The world went to bed in mourning on April 15. Not since 9/11 had flames and smoke engulfed a beloved landmark the way they overcame Notre Dame in Paris that evening.
“Notre Dame is our history, our literature, part of our psyche, the place of all our great events, our epidemics, our wars, our liberations, the epicenter of our lives,” French President Emmanuel Macron lamented in front of the burning cathedral.
Other European voices added to the sense of collective loss. “Notre Dame belonged to the whole of mankind,” said European Commission President Jean-Claude Juncker. Newspapers such as El Pais in Spain bemoaned the damage done to “a symbol of European culture.” Venice’s La Fenice theater tweeted, “We were devastated by fire and every time we were reborn. It will happen to you as well, do not fear, friends!”
However sincere and moving these words may be, they betray also a greater tragedy: the loss of a common language of faith. The fact that Notre Dame was a church built primarily as a house of prayer seemed curiously in the background.
Sure, the cathedral witnessed the coronation of Napoleon and survived the French Revolution and two world wars. It is a symbol of Paris and a heritage of all humanity.
But our collective mourning should not forget the fact that a church was on fire. More than a national icon or a touristic spot, cathedrals such as Notre Dame reveal their soul when they house singing and baptisms, confession and pardon, preaching and prayer.
Church buildings certainly color all kinds of memories. I, for one, asked my wife’s hand in marriage on a boat that cruised on the Seine. Her hand, now with an engagement ring, clutched mine as we admired Notre Dame. Years later, our kids played at the park behind the cathedral on a hot summer morning.
But if our shared vocabulary excludes words such as “God” and “belief,” we will have lost more than a building. We will have lost the lexicon of our souls.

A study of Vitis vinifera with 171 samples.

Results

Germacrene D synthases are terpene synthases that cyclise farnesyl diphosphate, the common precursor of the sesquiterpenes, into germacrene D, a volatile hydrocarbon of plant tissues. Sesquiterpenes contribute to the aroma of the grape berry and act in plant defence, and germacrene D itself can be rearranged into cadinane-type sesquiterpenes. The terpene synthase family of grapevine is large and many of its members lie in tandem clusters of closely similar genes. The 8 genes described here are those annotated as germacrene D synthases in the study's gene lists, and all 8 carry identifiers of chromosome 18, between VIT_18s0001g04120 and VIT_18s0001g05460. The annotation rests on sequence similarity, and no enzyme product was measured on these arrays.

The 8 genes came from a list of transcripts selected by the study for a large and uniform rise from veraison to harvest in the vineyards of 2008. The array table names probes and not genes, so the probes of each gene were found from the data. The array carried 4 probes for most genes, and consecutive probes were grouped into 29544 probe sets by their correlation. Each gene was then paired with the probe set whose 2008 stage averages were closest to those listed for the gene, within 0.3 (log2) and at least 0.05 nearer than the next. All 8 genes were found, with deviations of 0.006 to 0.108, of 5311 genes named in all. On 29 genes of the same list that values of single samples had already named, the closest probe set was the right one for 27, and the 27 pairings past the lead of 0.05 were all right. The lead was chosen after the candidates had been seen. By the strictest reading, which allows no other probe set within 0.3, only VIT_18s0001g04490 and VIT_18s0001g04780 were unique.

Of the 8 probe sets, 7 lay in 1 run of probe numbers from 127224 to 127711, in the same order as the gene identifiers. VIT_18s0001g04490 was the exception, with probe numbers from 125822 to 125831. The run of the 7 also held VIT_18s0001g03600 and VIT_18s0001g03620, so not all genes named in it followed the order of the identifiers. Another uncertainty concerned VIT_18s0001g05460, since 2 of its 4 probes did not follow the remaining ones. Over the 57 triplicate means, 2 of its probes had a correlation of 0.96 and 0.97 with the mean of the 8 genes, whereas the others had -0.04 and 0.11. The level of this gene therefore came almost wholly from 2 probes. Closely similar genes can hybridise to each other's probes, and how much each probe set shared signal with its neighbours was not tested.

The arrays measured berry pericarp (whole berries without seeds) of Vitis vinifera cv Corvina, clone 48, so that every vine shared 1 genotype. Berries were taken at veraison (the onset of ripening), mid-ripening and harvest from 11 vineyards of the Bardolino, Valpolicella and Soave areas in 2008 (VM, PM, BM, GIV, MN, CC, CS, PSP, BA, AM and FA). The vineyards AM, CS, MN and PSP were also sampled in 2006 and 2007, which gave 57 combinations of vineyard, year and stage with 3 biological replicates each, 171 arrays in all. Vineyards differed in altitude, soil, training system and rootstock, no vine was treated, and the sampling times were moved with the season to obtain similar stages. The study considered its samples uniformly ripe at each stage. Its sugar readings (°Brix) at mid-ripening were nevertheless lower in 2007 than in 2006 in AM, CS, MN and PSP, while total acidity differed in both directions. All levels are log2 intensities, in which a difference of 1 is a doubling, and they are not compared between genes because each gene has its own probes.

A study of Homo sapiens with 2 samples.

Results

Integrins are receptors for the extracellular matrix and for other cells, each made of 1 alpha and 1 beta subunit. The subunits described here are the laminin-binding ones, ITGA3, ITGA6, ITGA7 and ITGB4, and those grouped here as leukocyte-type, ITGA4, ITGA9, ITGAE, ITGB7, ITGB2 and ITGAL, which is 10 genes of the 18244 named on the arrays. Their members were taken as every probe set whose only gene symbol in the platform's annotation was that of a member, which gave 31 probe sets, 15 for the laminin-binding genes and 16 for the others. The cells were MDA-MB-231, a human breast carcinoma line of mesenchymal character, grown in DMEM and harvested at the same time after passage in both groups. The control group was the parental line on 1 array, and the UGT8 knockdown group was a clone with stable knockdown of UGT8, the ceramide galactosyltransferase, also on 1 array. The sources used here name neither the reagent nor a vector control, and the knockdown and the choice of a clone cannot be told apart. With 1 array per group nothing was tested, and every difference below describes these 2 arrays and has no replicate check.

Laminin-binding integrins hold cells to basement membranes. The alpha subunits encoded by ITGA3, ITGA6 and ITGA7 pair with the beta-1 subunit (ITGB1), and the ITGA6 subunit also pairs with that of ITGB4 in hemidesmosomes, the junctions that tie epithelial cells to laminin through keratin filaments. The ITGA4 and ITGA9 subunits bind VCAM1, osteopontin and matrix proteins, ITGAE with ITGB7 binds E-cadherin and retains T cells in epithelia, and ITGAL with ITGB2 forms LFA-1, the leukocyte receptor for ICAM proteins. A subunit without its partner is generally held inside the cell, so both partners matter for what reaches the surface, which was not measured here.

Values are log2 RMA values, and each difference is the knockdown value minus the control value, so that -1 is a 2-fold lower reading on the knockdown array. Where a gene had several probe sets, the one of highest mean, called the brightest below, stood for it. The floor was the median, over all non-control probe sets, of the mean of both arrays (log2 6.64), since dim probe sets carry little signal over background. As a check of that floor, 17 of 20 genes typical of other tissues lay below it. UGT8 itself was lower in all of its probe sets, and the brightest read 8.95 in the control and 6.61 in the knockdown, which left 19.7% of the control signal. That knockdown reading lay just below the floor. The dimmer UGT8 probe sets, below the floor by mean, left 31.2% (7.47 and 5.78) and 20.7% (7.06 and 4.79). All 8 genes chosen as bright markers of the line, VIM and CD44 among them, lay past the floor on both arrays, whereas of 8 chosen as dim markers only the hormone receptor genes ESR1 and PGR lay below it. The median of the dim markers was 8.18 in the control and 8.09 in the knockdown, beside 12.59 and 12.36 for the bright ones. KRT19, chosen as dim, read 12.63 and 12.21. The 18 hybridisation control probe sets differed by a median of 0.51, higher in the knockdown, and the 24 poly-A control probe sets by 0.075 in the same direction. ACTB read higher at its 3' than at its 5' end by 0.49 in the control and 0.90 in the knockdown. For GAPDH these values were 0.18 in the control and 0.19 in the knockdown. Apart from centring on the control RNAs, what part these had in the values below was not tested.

How more robust will our rebuilding efforts be if they are inspired by something like the words of the prophet Haggai, who encouraged the rebuilding of the Jewish Temple in Jerusalem saying, ‘The glory of this present house will be greater than the glory of the former house,’ says the Lord Almighty. ‘And in this place I will grant peace.’”
Similarly, our thankfulness will be greater once rebuilding efforts are completed if we share language such as that of Psalm 126:
When the Lord restored the fortunes of Zion, we were like those who dreamed. Our mouths were filled with laughter, our tongues with songs of joy. Then it was said among the nations, “The Lord has done great things for them.”
I live in Rome, a city that gathers more cathedrals than any other. I love to watch children play soccer in front of basilicas or couples lick gelati sitting on the steps that lead to a sanctuary.
But part of me misses the fact that not many of them enter such churches except to take pictures. It is inside such buildings that our hearts can soar.
It is appropriate for politicians to mourn the damage done to a world-famous icon. It is more appropriate still for people of faith to pray that churches may again be regarded as living sanctuaries more than as civic landmarks.
René Breuel is the pastor of a church in Rome and the author of “The Paradox of Happiness.”